Mad Men is a period piece drama set in the advertising agency culture of the 1960s. The show’s main character is the enigmatic and mysterious Don Draper, along with several other main characters who work at the Sterling-Cooper ad agency on Park Avenue. On the surface, the show is a chauvinistic chronicle of the success and excess of the advertising industry in the 60’s: with gratuitous whiskey pouring, cigarette smoking, and bygone era banter. It’s easy to think the show is simply glamorizing the golden age of advertising. Undoubtedly, most of the show’s initial appeal is the voyeuristic look behind the curtain of a time in America few remember and most will never know.
However, behind all this nostalgia, all the whiskey pouring, cigarette smoking, and bygone era banter, Mad Men operates on a much deeper level. It explores complex themes of identity, power, responsibility, escapism, Happiness, Sexuality, and Self-Actualization. The episode I chose to focus on is the Pilot Episode, in which Don Draper’s character is introduced along others, and follows a day in his life as he tries to come up with a new ad for his big tobacco account, Lucky Strike.
We see Don “working” at a bar – scrawling notes in every direction on a cocktail napkin – trying to pluck a coinable slogan for his Lucky Strike cigarette account out of thin air. This scene contains much of the production devices Mad Men uses in a nutshell: expert use of Sound Design, variation of shots to cue the audience to what to pay attention to, and set design.
The scene has a crooning song from the 60’s, Band of Gold, timed with the duration of the scene. This immerses the viewers and provides a context to the time. If you follow the use of sound throughout this shot, you’ll notice it’s loudest at the beginning – when the main character is introduced, and at the end, where it’s tempo picks back up and crescendos amidst the bar, a slowed down pan of groomed men laughing and smoking and drinking and carrying on, making the New York bar seem like a Roman bath house. In terms of camera movement, the only two shots where the camera isn’t still is the very beginning in end, subtle cues to the audience that these shots matter, these shots are punctuations to the scene itself.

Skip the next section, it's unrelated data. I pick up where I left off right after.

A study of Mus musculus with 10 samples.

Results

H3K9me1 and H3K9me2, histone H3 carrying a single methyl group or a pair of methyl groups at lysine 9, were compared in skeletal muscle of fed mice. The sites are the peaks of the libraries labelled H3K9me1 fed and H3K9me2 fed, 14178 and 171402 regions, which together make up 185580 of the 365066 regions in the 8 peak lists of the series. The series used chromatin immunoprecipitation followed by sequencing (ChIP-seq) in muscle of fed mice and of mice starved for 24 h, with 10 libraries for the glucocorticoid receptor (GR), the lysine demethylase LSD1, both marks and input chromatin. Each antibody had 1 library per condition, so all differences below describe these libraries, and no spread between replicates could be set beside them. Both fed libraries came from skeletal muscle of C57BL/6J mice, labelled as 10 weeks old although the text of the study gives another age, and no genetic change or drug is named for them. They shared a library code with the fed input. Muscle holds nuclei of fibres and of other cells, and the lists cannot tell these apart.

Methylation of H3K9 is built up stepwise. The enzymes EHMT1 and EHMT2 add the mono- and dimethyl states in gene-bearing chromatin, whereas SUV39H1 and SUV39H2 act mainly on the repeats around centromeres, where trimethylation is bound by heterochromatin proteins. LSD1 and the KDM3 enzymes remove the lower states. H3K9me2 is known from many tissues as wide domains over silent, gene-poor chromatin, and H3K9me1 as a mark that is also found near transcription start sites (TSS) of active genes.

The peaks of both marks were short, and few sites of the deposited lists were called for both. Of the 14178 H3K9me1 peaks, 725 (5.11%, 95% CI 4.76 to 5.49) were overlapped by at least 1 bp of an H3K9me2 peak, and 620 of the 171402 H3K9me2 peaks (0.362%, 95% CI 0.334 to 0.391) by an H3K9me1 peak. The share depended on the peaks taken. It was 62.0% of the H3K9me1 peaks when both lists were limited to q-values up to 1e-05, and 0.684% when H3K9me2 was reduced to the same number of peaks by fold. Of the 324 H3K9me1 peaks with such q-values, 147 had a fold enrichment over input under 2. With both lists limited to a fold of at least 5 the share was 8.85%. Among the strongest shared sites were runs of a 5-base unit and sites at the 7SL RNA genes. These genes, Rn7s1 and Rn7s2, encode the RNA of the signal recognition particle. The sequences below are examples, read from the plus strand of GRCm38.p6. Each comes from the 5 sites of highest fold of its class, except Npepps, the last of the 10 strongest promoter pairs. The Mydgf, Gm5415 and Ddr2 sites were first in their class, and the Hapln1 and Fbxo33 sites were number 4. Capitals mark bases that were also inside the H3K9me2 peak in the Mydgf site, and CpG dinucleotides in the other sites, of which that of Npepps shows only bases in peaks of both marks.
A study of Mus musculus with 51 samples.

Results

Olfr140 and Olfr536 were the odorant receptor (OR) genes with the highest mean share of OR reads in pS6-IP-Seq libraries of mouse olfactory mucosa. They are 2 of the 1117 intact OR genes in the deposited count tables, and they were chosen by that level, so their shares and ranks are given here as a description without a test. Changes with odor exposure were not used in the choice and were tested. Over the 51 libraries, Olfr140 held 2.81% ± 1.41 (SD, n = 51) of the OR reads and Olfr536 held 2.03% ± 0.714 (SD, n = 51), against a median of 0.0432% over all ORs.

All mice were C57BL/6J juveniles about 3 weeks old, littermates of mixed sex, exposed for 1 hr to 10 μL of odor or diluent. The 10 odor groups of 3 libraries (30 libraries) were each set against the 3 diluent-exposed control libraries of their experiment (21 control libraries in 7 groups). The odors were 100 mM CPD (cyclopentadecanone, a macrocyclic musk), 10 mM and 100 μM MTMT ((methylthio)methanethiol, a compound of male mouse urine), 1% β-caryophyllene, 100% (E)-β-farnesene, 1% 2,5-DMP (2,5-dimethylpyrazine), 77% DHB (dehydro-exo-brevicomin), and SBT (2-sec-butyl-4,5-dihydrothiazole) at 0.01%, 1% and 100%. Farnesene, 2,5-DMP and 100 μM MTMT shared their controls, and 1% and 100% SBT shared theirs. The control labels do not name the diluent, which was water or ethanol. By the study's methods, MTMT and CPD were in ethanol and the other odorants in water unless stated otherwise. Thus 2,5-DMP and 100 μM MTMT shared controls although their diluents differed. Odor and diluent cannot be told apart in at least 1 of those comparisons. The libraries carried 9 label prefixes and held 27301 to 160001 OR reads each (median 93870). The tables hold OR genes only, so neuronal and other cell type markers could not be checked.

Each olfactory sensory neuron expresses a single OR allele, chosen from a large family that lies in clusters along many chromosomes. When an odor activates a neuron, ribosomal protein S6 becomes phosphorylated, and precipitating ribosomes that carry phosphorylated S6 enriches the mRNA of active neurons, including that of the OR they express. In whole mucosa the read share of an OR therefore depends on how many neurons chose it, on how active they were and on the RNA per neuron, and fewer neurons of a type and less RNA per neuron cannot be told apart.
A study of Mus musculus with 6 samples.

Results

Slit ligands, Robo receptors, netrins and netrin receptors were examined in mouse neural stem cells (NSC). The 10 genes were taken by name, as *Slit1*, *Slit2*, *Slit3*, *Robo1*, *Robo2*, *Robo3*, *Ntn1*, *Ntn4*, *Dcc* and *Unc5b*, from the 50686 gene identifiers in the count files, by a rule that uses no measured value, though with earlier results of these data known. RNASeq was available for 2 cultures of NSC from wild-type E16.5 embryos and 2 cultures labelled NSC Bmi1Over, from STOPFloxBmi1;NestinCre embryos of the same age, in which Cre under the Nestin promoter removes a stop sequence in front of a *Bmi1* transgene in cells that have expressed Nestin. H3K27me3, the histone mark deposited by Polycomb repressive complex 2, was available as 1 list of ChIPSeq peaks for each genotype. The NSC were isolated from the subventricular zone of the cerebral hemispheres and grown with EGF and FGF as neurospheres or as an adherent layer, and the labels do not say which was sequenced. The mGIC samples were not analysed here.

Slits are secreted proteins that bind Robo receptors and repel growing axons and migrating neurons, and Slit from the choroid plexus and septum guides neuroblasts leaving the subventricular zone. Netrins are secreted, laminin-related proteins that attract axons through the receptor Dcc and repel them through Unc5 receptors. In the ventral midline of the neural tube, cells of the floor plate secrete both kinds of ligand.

This scene also illustrates another thing Mad Men does well: how consistently the set design reflects the time. From the fit of the suits, to the furniture, to the fountain pens, the set design of Mad Men is painstakingly executed; there is no hint of modernity.
Mad Men is a show that hinges on character development, and thereby, dialogue. This can be both positive and negative. While the writing and chemistry between the actors is brilliant, it can also be very dense, and to some audiences who look for more action in their plot, can be slow moving and requires too much effort to keep on track with.
In the dialogue however, the show takes bold strides in highlighting social justice issues and just how radically different the world was 60 years ago. Being young it’s easy to think progress is something that takes a long time, and that world is roughly not too much different from a decade or two ago. Watching this show has caused me to reconsider just how far we’ve come as a society with it’s portrayal of the gender dynamic in the past, especially in the workplace.
Halfway through the episode we see Peggy Olson starting her first day at the Sterling-Coope ad agency. As she’s walking out of the elevator, several men behind her begin to cat-call and heckle her with sexual innuend, something you’d expect out of a frat house rather than a professional office building. This behavior isn’t only tolerated, but is considered mild compared to how other men treat women at the agency. When Peggy receives first day training advice from Joan, the head Secretary, she mentions “most of the men are looking for something between a waitress and a mother”, and that if she wants to make it far in her field she should “show more of her ankles”.
Perhaps the most stunning aspect of the past’s gender landscape is how conditioned women could be into adopting the status quo of feeling intellectually inferior compared to men. Towards the end of the scene, Joan reveals to Peggy a typewriter and a calculator, and comments “don’t be intimated…they make this easy enough for a woman to understand.” Rather than contest or be offended at this, Peggy looks up bright eyed and says “Thank goodness!”.
The episode ends with Don musing over his profession with a prospective client. He asks why she isn’t yet married. She responds by telling him she “hasn’t been in love yet”. He responds by stating that “Love was invented by people like me to sell Nylons”.
Ultimately, I think this is what Mad Men does best. Dialogue like this, scenes like these, extract a reaction from the audience that allows no room for indifference. It places it’s time, and characters, under a magnifying glass and forces the audience to derive their own conclusions and judgements about each.